Wednesday, May 28, 2008

Frugality in the 10 commandments

Quite often one of the frugality sites will do a "frugality for dummies" kind of post, which will list the 5 or so easiest things to do to get on the road to frugality. There was one today. Most of these are fairly well known to anyone who has read these kind of blogs for a while, or who has read Tightwad Gazette - make meal plans and shopping lists and stick to them, leave your credit card at home, wait a few days before making a major purchase.

I haven't done one because I'm trying to present this material from a particular angle, even though a lot of my daily posts, the ones that describe my daily struggles, don't differ from most other frugality bloggers.

But there is one thing I can add to the list of frugality basics that I think is unique to my perspective. And that is: Do Shabbes. That is: Observe Shabbat - the Sabbath.

As you will remember from your Bible studies, the 10 commandments contains this directive: Remember the Sabbath day to keep it holy. This has been developed through the rabbinic process to today, when Orthodox Jews don't spend money, don't turn lights on and off, don't travel in cars, and spend most of the day in community and in prayer.

I'm a Reconstructionist, and my process is to try to discern the values behind the original prescription, then decide whether the way tradition suggests we observe today is in keeping with those values, and if not, to adjust the practice so that observance comes closer in alignment with principle. So I don't necessarily observe according to halakhah (Jewish law), but I do try to observe in a way that respects the underlying values and brings me closer to them.

So the value that I think underlies Shabbat from a frugal-Jewish perspective is this: spend no money. Buy no stuff. Leave commerce and acquisition alone for a day.

Now, I don't observe this perfectly. If we are out somewhere and there's some sort of incidental money involved, like paying to get into the botanical gardens, then we'll pay it and won't feel like we're violating Shabbat. But we don't "go shopping" (not that we do so much of that anyway) or go anywhere where the main activity is likely to involve the spending of money.

I think I mentioned that I was having trouble keeping track of my spending so I put some of my tax refund money into a basic version of Quicken. It has a page that shows your spending on a monthly calendar, and it's such a pleasure, after seeing all the spending on every other day of the week, to look at Saturdays and see no ATM withdrawals, no food shopping, none of that everyday detritus of homo consumerus, the American buyer. Just think: one-seventh of your life can be like that! That's a significant chunk of one's life! And there's the extra added benefit of being convinced that I'm taking what God said seriously.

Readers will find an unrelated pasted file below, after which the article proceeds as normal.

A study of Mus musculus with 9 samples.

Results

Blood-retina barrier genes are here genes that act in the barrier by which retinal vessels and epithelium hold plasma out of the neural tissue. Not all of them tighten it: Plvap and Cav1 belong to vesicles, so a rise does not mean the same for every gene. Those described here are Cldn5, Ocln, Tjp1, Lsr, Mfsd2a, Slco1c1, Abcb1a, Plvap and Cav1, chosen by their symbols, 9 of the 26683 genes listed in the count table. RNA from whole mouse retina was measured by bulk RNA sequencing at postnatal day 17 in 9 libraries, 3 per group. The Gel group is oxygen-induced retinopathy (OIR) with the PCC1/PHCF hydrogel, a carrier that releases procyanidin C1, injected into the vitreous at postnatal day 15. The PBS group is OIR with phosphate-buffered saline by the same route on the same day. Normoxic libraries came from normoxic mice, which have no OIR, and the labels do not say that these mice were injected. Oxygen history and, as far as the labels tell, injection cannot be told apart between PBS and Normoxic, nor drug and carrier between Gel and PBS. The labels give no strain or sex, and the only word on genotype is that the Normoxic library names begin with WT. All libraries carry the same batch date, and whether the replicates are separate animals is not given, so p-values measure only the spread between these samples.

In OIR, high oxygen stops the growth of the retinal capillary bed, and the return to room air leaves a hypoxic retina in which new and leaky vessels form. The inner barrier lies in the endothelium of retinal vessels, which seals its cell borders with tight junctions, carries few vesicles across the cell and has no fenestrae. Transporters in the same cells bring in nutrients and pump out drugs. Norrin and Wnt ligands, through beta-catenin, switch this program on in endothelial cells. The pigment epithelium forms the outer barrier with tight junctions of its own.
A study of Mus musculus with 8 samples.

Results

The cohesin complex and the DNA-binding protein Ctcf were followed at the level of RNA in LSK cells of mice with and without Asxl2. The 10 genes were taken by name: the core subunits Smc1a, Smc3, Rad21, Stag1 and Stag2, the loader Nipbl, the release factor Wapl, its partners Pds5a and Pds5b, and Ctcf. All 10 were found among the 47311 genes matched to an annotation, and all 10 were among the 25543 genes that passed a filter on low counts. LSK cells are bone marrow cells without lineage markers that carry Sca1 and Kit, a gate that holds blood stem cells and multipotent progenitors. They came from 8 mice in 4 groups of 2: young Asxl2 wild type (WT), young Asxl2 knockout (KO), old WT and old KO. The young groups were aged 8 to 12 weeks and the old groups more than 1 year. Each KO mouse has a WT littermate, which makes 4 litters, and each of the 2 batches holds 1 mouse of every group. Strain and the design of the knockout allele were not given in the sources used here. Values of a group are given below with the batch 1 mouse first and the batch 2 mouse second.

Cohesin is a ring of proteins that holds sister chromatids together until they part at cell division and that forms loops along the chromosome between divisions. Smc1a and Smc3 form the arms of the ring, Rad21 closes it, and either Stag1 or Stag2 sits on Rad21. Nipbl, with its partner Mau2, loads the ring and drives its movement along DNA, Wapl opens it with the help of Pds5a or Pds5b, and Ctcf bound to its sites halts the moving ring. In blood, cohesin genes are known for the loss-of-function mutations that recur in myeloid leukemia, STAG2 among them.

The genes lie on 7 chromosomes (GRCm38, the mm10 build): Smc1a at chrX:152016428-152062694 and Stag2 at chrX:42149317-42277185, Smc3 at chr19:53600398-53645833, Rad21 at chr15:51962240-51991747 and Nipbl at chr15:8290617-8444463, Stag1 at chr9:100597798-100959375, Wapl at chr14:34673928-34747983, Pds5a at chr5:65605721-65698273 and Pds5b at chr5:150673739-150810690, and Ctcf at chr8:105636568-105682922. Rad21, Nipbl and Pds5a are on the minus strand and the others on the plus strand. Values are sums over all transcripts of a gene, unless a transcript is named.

Rabbi Abraham Joshua Heschel, a hero to so many in so many ways, as usual said it best:

To set apart one day a week for freedom, a day on which we would not use the instruments which have been so easily turned into weapons of destruction, a day for being with ourselves, a day of detachment from the vulgar, of independence of external obligations...-is there any institution that holds out a greater hope for [human] progress than the Sabbath?

Shabbat can be for us what it was always intended to be: to be a day of freedom from technology and commerce. By observing it (either Sunday or Saturday, depending on your predelictions) you too can have a day - many days - on which you can follow what God actually said with that commandment: "Let there be frugality!"


Mary T said...

I enjoyed this post. I'm not Jewish, but as a Christian the concept of Sabbath means something to me as well. Personally I have found that a day of restful enjoyment is something truly to be treasured.Another thing I really believe is that how we live ought to be connected to what we believe.

Cordelia said...

I've been reading through and really enjoying these postings. Sorry about the house (ouch). This entry really got me thinking, as, in a funny way, the post about bananas did, of the WWII generation. You mention your grandmother always having at least half a banana, and my mother, who is, uh, well over 75, also says that. But it also struck me that she and that generation have more than one day a week when they do not spend money. The insidious thing about consumerism is that it has become a leisure activity: the weekend comes, the stores fill up with people looking for the newest, latest, whatever. My mother gets all her bills, then pays them before the fifth of each month. Food shopping ? Usually once a week, or planned by the week. Otherwise, she shops when something breaks, or when she needs something (big issue there). I try to emulate this, but am a child of my time: I pay bills on line as they come in; I don't always have a week's meals planned out. Yet I think there is a real lesson in what you say and from that generation: one shouldn't be spending/paying every day. Get it done; let what's left sit.